While the U.S-China trade war rages on, the tensions are exposing growing rifts between China and Silicon Valley.
Leading venture capitalists and startup founders expressed concern over their governments’ fierce differences and the potential fallout. Among the dangers are a decline in cross-border investment, disruption in the supply chain and decreased collaboration in fields like artificial intelligence, wireless technology and cancer research.
Signs of trouble are emerging in everything from venture capital to movie-making. Fundraising for dollar-based venture capital funds in China is down 75%, estimates Qiming Venture Partners’ founding partner Gary Rieschel. Olivia Hao, an executive at Beijing-based film production startup Baozou, said it is increasingly hard to make investments or buy other companies in the U.S.
China and the U.S. are edging closer to a trade deal but the deteriorating situation in Hong Kong and the U.S. bill on the city’s special status threaten to stall negotiations.
The fight to rule the technology sector is at the heart of China-U.S. tensions. Over the last few decades, the two countries have woven together a world-spanning supply chain that helped create innovation like Apple Inc (NASDAQ:AAPL).’s iPhone and propel industries like AI and robotics.
American money has flowed into China, lending the capital essential in creating many of the countries’ top technology companies like Alibaba (NYSE:BABA) Group Holding Ltd. and Tencent Holdings Ltd. Chinese and American engineers have traversed both countries, driving innovation at startups and large companies alike. All of that is under the microscope now that the U.S. is clamping down on Chinese investment in the U.S. and scrutinizing the capital flows between the two countries.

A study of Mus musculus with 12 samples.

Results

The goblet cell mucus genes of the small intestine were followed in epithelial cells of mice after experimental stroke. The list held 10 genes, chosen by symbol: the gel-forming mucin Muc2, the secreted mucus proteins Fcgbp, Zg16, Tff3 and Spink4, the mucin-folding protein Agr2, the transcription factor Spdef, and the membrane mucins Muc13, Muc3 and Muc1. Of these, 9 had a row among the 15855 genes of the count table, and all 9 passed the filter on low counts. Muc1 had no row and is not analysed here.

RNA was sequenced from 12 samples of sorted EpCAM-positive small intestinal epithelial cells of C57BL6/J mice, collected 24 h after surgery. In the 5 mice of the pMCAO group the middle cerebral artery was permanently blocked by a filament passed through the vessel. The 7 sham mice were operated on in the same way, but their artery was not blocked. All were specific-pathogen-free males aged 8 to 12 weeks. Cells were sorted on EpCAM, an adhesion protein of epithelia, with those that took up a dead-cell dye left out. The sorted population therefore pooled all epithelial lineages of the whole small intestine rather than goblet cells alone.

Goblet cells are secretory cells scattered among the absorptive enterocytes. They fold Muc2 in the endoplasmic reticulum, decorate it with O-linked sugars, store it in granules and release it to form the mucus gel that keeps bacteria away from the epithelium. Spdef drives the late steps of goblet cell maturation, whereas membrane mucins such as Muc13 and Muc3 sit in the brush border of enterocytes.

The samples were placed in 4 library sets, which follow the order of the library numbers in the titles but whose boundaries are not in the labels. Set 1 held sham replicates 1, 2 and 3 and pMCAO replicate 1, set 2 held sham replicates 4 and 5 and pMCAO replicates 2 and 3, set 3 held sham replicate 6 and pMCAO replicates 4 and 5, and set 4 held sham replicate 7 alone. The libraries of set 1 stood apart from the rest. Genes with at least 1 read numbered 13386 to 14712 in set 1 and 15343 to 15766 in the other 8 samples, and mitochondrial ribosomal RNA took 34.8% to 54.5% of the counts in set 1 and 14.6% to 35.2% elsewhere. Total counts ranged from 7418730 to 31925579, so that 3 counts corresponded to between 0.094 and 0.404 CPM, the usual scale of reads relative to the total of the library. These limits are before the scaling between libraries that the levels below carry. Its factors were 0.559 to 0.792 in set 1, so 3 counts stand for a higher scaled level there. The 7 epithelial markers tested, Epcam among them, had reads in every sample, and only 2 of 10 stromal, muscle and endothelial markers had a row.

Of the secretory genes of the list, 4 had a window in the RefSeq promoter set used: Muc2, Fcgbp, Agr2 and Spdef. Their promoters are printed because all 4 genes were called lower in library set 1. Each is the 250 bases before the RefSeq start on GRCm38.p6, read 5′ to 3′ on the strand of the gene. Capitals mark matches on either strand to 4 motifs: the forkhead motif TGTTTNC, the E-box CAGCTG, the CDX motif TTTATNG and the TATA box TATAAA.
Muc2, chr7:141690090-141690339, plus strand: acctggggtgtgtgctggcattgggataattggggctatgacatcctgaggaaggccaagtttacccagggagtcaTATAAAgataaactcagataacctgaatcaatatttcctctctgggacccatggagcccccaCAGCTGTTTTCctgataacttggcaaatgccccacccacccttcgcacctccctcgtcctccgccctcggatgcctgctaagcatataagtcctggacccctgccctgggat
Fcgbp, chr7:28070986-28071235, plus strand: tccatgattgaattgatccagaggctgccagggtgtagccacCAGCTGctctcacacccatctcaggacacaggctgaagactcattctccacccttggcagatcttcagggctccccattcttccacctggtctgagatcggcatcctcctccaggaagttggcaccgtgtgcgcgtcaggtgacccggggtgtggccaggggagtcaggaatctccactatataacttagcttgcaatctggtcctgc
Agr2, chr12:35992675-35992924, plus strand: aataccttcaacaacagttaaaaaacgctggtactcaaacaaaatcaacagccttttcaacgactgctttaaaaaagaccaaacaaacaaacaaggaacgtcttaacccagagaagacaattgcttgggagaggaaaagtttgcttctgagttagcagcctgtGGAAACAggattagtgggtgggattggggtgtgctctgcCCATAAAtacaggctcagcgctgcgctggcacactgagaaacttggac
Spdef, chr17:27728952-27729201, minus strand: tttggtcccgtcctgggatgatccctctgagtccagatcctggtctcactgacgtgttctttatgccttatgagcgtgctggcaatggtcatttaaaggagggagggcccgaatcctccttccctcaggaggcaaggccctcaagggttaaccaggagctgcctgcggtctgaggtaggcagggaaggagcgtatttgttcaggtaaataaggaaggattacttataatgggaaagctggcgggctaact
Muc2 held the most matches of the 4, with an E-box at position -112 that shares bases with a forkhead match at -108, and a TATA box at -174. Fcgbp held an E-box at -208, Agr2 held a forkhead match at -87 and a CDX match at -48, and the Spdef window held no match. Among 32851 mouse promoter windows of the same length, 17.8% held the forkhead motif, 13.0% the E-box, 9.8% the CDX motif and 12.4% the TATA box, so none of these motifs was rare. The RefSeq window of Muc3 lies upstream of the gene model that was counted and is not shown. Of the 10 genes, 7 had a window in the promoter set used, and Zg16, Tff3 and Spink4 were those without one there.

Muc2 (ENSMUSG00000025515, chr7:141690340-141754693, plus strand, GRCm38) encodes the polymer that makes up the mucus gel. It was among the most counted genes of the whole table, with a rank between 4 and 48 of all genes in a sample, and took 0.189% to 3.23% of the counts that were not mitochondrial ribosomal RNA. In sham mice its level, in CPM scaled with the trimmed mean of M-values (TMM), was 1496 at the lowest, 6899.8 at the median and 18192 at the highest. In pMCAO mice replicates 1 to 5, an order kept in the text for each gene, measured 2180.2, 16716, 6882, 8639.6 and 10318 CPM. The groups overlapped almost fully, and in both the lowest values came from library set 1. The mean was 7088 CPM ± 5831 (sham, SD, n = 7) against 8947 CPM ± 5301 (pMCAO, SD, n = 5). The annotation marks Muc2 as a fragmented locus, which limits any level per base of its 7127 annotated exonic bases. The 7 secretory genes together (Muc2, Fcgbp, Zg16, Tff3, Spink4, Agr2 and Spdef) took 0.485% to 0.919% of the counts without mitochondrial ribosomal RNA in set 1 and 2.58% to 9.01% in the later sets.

“Foreign capital remains the primary provider of early stage risk capital in China,” Rieschel said, adding that “82% of venture capital goes to the U.S. and China, these two countries have to work together in areas like AI.”
Increasingly, American tech companies, venture capitalists and startups face a narrow choice on how to deal with China: Either take the country at face value and decide that as a rational business, profits matter more than any kind of moral high ground, or make a conscious decision to stop pursuing business in a country that will require you to adhere to its viewpoints inside — and outside — its borders.